Contractor accused of fraud in Iraq
By T. Christian Miller
Security company Custer Battles sent fake bills to the U.S.-financed Coalition Provisional Authority, which ran Iraq under American occupation, according to a U.S. Air Force memo obtained by the Los Angeles Times.
The company, which provided security at the Baghdad airport, is also the target of a suit unsealed yesterday accusing it of systematically bilking U.S. taxpayers and threatening a worker and his 14-year-old son at gunpoint.
The Air Force suspension is believed to be one of the first leveled by the federal government against a company for problems with its operations in Iraq, contracting experts said.
The company is also under investigation by the FBI and the Pentagon Inspector General's Defense Criminal Investigative Services, the memo said. It could not be immediately determined yesterday whether those investigations were ongoing.
Richard Sauber, a lawyer representing Custer Battles, denied the charges. He blamed a competitor and a disgruntled former employer for making false accusations.
The company's founders are Scott Custer, a former Army Ranger and defense consultant, and former CIA officer Michael Battles, who ran for Congress in Rhode Island in 2002 and was defeated in the Republican primary. The Federal Election Commission fined Battles for misrepresenting campaign contributions.
Battles is a Fox News Channel commentator.
"We believe that the allegations are baseless," Sauber said. "We have every expectation that we can demonstrate they are meritless."
Several other former Republican officials have come under investigation in connection with other Iraq contracts. The Pentagon's inspector general has asked the FBI to look into a deputy undersecretary of defense in connection with a police radio contract. A former top Republican official in the Transportation Department was investigated in connection with an airport contract, U.S. officials have said.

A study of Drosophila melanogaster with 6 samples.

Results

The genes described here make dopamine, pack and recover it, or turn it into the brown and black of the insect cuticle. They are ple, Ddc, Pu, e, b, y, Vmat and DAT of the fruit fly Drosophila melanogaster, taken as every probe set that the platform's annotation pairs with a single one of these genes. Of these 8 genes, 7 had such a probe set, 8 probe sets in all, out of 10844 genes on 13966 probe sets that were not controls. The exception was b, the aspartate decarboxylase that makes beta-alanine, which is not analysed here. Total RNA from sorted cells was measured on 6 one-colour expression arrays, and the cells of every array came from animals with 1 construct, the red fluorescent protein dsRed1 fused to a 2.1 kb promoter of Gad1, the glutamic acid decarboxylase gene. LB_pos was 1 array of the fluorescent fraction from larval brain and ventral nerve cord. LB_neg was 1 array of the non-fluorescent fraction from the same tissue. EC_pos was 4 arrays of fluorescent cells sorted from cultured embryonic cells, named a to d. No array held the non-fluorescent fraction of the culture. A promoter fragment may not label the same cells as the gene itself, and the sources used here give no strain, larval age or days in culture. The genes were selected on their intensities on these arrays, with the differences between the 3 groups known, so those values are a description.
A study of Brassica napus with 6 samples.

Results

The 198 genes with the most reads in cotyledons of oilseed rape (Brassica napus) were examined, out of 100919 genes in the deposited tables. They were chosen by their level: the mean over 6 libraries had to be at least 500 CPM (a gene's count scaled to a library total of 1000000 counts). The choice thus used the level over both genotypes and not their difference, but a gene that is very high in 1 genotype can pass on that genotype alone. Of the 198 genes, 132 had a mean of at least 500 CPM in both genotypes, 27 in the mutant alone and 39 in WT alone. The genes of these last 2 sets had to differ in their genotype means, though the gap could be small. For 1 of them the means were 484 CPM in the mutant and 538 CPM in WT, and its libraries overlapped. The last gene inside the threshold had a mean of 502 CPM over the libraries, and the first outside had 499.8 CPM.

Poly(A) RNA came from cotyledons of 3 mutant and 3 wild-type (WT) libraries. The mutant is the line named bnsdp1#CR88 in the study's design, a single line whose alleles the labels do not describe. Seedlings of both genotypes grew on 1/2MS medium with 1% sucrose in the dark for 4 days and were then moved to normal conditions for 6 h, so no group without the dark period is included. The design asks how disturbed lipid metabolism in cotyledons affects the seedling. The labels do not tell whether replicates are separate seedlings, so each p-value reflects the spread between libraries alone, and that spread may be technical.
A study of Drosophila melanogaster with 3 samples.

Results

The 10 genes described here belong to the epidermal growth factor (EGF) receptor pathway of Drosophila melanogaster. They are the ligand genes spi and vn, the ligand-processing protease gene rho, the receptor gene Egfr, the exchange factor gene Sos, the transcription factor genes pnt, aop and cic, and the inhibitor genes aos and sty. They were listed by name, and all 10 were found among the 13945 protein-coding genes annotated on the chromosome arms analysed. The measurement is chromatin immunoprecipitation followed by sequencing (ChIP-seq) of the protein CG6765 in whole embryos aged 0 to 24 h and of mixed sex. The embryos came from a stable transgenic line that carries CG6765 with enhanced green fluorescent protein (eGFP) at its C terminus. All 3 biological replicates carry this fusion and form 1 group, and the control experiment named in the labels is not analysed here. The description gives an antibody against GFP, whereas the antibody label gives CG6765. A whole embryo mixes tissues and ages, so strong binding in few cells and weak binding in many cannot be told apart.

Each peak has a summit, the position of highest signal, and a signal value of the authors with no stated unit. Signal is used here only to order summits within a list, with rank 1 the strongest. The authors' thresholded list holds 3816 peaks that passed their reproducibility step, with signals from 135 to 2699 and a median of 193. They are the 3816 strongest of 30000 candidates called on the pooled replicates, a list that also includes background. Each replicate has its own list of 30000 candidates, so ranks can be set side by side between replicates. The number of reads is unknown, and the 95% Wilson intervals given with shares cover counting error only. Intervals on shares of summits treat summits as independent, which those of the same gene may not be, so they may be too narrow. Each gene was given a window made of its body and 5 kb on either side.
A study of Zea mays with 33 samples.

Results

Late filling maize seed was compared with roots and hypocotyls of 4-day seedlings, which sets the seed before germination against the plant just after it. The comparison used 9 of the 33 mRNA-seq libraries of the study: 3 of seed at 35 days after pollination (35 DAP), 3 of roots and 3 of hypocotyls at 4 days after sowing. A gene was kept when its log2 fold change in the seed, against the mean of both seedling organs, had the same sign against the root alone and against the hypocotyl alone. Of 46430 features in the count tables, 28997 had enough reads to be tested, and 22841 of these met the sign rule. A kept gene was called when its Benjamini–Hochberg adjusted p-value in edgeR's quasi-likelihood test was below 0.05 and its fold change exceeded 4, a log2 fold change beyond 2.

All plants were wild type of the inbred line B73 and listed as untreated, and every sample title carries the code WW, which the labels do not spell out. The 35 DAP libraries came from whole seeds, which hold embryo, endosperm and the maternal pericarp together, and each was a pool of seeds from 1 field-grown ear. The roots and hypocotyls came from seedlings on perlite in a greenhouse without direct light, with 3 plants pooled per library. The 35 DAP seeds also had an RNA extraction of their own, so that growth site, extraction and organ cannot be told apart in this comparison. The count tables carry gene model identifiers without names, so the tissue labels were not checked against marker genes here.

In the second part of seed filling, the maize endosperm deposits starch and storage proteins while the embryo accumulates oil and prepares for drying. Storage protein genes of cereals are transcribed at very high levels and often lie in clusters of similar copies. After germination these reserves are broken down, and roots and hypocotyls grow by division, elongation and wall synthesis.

Custer Battles was a newly formed company with no experience in the security industry when it landed one of the first contracts issued in Iraq in the spring of 2003 to secure the airport. The no-bid contract was worth $16 million when it was awarded in the chaos after the fall of Saddam Hussein.
That contract committed the Coalition Provisional Authority to paying for all the company's costs for setting up centers where the exchanges would take place, plus a 25 percent markup for overhead and profit, according to the Air Force memo. Custer Battles then created a series of "sham companies" registered in foreign countries, the memo said. The companies were then used to create false invoices making it appear they were leasing trucks and other equipment back to Custer Battles. The scheme had the effect of inflating the 25 percent markup allowed under the contract, the memo said.
In October, company representatives accidentally left a spreadsheet in a meeting that was later discovered by CPA employees. The spreadsheet showed that the currency-exchange operation had cost the company $3,738,592, but the CPA was billed $9,801,550, a markup of 162 percent.
In another case, a Custer Battles employee wrote a report that a $2.7 million invoice was based on "forged leases, inflated invoices and duplication," the Air Force memo said. In yet another case cited by the memo, Custer Battles billed $157,000 to build a helicopter pad that cost the company $95,000.
The suspension means that no government agency can issue further contracts to Custer Battles. However, the company can still continue to work on its existing contracts. The company recently ceased operations at the airport after deciding not to bid on a new security contract.
In the lawsuit, known as a false-claims action, former employee William Baldwin and a Custer Battles subcontractor named Robert Isakson repeated some of the accusations found in the Air Force memo. The false-claims action allows citizens to sue contractors on behalf of the federal government to seek damages for fraud.
The lawsuit says Custer Battles billed the CPA for work that was never done, employees who were never hired and equipment that never arrived. It says Custer Battles took at least one and as many as eight forklifts from Iraqi Airways at the airport, covered their former markings and billed the CPA for leasing them at thousands of dollars per month.
The suit said that after Isakson complained about Custer Battles practices, he was held at gunpoint by company employees along with his 14-year-old son. The employees then kicked Isakson and his son off the airport base.
Alan Grayman, a lawyer for the two whistle-blowers, said Justice Department officials told him that because the CPA was an international organization, the government could not join in the suit.
Justice Department spokesman Mark Corallo said the department does not comment on why it declines to join such suits.
When the government joins such suits, the whistle-blowers win or settle about 95 percent of the time, but only 25 percent of the time when the government passes. Whistle-blowers are entitled to a percentage of the money recovered or paid in fines.
Material from Knight Ridder Newspapers and The Associated Press is included in this report.